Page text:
Today is the 8th installment of my son picking an album to be on the list, and this one will not go down as one of my favorites. Featuring the debut album, “Since I Left You”, from the Australian electronic group The Avalanches, this is a record I tried to embrace as always, but just never really connected. It does appear to be fairly well regarded within and beyond the genre, and I read that Questlove considers this to be one of his ten favorite albums of all time, but it just doesn’t have enough songs or musical content that make me want to come back for more.
If I had to describe this album, it would be somewhere between chaotic and frenetic. It is a constant menagerie of sounds that come at you from all directions, and I could never just comfortable with the blended result. Mixing in hundreds, perhaps thousands of samples around some disjointed musical lines just made it difficult for me to get comfortable with the end product. There is so much repetitive looping and automated sound that it becomes annoying and distracting every time I might come close to latching on to a particular track.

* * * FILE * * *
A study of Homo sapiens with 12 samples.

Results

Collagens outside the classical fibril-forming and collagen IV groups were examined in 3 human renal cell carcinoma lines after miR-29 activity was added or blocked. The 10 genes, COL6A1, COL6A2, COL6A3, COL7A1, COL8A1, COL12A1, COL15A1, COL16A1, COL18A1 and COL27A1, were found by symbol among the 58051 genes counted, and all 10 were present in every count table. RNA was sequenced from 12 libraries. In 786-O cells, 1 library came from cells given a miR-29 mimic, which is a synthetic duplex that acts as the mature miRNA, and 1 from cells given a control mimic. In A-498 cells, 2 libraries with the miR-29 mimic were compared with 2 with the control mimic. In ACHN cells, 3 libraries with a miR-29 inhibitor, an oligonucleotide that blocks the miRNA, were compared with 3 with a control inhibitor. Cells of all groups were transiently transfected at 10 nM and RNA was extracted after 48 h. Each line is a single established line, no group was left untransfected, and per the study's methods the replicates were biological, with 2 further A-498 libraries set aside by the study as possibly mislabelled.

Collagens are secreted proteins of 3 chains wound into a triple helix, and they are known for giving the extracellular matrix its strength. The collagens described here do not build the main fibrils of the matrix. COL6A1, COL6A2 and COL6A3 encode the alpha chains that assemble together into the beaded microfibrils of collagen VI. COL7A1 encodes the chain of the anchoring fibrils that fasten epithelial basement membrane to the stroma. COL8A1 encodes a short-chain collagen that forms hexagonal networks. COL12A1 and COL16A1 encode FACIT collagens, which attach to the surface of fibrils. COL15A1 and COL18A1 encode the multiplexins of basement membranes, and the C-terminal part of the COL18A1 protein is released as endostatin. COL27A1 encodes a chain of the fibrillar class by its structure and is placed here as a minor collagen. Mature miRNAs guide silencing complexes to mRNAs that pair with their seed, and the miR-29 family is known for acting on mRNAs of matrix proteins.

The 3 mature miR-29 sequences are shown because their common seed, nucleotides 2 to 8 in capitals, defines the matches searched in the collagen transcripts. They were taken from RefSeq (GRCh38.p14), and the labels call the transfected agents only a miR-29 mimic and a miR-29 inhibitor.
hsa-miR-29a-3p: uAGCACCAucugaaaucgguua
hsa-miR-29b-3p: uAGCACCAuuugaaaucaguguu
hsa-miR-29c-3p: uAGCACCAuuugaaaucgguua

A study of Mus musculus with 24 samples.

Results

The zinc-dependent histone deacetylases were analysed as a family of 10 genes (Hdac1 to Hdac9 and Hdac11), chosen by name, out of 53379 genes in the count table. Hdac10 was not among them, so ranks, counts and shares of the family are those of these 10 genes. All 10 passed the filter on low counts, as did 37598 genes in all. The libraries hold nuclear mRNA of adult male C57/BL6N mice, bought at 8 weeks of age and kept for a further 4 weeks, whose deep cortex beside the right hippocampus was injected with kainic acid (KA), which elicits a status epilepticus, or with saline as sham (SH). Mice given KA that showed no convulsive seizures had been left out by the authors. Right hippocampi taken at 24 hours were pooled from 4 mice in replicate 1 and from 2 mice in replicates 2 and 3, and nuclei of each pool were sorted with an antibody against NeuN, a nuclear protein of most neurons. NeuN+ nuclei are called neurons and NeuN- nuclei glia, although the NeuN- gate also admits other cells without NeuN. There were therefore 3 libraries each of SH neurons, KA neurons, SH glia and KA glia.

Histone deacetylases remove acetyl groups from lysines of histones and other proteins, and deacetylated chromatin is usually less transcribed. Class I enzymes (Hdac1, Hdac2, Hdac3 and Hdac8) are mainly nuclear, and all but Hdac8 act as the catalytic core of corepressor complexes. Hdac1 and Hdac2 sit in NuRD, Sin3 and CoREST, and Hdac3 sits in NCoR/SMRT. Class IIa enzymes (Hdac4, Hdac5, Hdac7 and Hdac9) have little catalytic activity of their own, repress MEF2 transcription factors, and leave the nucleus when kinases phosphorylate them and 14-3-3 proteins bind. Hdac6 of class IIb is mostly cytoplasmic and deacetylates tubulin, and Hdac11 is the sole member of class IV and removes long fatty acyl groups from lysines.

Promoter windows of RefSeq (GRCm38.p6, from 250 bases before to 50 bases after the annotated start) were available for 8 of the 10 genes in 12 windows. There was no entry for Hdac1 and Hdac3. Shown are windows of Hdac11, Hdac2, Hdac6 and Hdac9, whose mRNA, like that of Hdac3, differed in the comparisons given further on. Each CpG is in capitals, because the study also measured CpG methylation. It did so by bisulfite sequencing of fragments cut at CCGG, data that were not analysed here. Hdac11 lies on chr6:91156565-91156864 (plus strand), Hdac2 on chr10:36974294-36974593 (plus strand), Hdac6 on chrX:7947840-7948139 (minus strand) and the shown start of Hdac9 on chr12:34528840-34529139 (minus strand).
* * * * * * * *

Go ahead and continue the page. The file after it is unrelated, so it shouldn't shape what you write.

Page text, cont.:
As with hopefully all genres of music, I’m trying to keep an open mind as I expect there may be more of this along the way. Electronic dance music (EDM) is a major sensation around the globe. I have a friend and coworker who DJs in this element as her life’s passion, and each year as I drove past the EDM festival in Orlando after a night of teaching, I was intrigued and fascinated by the tight grip this world has on its audience. That said, at least with this album, there isn’t enough of something, whether it be alluring hooks, bouncy bass lines, remarkable vocals, or thought-provoking lyrics to personally keep me interested.
Even as I gave the title track and the other three singles from the album, “Frontier Psychiatrist”, “Radio” and “Electricity” another pass looking for something I could hold on to, it just didn’t stick. I do love that the name of one of their songs, and also the working title of the album, is “Pablo’s Cruise”. I can certainly acknowledge that it is a complex and demanding production, but I’m probably going to leave most of this behind me as I move forward here.